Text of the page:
I’ve been doing some self reflection as of late, and one major theme emerged as I sifted through my memories.
Apathy – 1: lack of feeling or emotion: impassiveness 2: lack of interest or concern: indifference
The theme probably started when I was in high school. I had friends of convenience, meaning, people who sat together at lunch and hung out after school because our houses were close together, did we really share things in common aside from same school, same neighborhood, similar circumstances? Probably not.
I had accepted this as the norm and didn’t see the need to expand on my social circles, my fault, as I was never extroverted and was quite self conscious. I was always a great listener. The friend you could tell all your secrets to and nod. I felt as though I never had a voice.
So, at the time, apathy became a way I dealt with things because the focus that was demanded of me was good grades and the same theme carried over to my university years. Except, then, things began to fall apart.
My friends all left for different places, while I stayed in the same place.
I had two choices in schools, and my parents told me which one to do.
I couldn’t live on campus because of financial hardship.
The same commute everyday, eating up three hours of my time to and back from school.
The same lecture halls with the same strangers I never bothered to know.
Apathy, whether it was a B grade or an F, that’s how it went, it was how I was.
It was then I felt pointless, extremely unmotivated by the fact that it seemed – things never changed for me. The promises of college being this GREAT experience fell flat of what little expectation I had. At first, I began blaming my ultra conservative parents who didn’t believe in the same things I did. I began to retreat into my own world of indifference, while the world spun indifferently, and that didn’t seem to change until very recently, I was so sick of the formula of life that was imposed:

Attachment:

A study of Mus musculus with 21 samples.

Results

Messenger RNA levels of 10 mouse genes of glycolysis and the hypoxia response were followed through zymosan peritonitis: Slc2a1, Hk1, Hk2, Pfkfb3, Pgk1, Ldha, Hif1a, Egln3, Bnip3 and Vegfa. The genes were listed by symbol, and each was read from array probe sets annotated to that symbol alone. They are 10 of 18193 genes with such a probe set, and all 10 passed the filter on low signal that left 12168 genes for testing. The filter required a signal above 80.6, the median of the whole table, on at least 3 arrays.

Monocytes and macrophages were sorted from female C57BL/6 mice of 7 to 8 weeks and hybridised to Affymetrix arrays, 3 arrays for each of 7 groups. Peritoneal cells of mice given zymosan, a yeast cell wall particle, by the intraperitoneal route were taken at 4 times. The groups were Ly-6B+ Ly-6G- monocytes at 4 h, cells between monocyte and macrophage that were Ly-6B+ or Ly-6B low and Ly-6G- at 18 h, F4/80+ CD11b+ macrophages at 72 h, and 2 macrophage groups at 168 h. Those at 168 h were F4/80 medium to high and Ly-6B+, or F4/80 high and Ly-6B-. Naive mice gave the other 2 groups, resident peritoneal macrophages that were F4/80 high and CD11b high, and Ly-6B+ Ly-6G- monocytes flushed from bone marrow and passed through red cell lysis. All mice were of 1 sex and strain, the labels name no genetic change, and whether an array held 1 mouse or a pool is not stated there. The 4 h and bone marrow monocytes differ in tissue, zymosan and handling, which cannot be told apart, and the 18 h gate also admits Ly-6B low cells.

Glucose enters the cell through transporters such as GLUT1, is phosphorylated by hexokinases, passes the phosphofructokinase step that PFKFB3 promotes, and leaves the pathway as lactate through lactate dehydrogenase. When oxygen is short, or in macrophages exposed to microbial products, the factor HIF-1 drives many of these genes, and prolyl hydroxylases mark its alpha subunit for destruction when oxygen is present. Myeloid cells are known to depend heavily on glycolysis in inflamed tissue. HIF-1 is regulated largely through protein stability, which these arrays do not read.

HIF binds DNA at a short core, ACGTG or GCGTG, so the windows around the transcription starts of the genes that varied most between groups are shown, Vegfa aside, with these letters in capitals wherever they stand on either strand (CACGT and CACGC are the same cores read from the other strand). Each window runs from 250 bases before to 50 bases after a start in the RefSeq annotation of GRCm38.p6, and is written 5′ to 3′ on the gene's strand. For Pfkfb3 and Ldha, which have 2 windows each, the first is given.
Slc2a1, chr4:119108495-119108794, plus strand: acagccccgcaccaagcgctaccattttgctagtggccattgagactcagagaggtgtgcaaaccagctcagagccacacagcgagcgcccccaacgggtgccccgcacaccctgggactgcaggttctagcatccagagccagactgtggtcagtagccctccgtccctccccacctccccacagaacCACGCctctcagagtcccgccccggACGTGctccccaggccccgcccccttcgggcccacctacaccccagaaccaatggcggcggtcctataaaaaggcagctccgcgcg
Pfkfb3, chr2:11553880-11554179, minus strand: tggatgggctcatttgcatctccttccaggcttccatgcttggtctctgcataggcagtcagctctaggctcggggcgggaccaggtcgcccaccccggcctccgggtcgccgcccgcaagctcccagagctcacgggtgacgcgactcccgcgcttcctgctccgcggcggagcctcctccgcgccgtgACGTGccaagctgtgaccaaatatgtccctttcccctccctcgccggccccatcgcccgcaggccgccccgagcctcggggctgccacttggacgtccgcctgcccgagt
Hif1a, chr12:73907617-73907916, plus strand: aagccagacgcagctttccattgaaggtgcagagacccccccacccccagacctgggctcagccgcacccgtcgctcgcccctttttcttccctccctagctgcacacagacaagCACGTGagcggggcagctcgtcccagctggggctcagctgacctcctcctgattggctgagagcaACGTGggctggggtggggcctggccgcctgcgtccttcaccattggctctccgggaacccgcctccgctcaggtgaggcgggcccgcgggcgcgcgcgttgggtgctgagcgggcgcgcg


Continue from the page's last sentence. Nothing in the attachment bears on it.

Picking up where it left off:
Birth -> School -> Get a job -> Work -> Die.
It was as if I had lived before my time, but at the same time, I was so inexperienced I didn’t know what life was.
That was until December 2012, when I decided I had enough of this state of existence and planned my first trip to Europe alone. I didn’t know, at the time it would be the best decision I’d ever make, at the time I just knew I need to finally do something for myself, something I’d actually like.
Then I told my parents – except they’d called my plan, frivolous – useless in the sense it was a waste of money – just like that one German class I took in university – but then, I didn’t care. It didn’t matter how many fights ensued afterwards with them, but I was an adult and they’d needed to acknowledge that.
So the first solo trip happened and at first I was scared, but at the end I was more than glad.
It was as if I had learned more about myself in those two weeks traveling alone, than I had five years staying in the same place. Being away from home showed me just how big the world truly is – and that there were so many good memories to be made.
I wish I had realized this sooner – that the world was bigger than the city I live in, that I could be on my own elsewhere, and that other peoples’ opinion (even those of your parents, or loved one) shouldn’t stand in the way of you and your happiness. Sometimes, you just got to stand up for yourself in order to make your life meaningful. If they’re onboard and supportive that’s great, however, if they aren’t, it doesn’t mean you shouldn’t pursue what you truly want. It is up to you to find ways to make your dreams come true!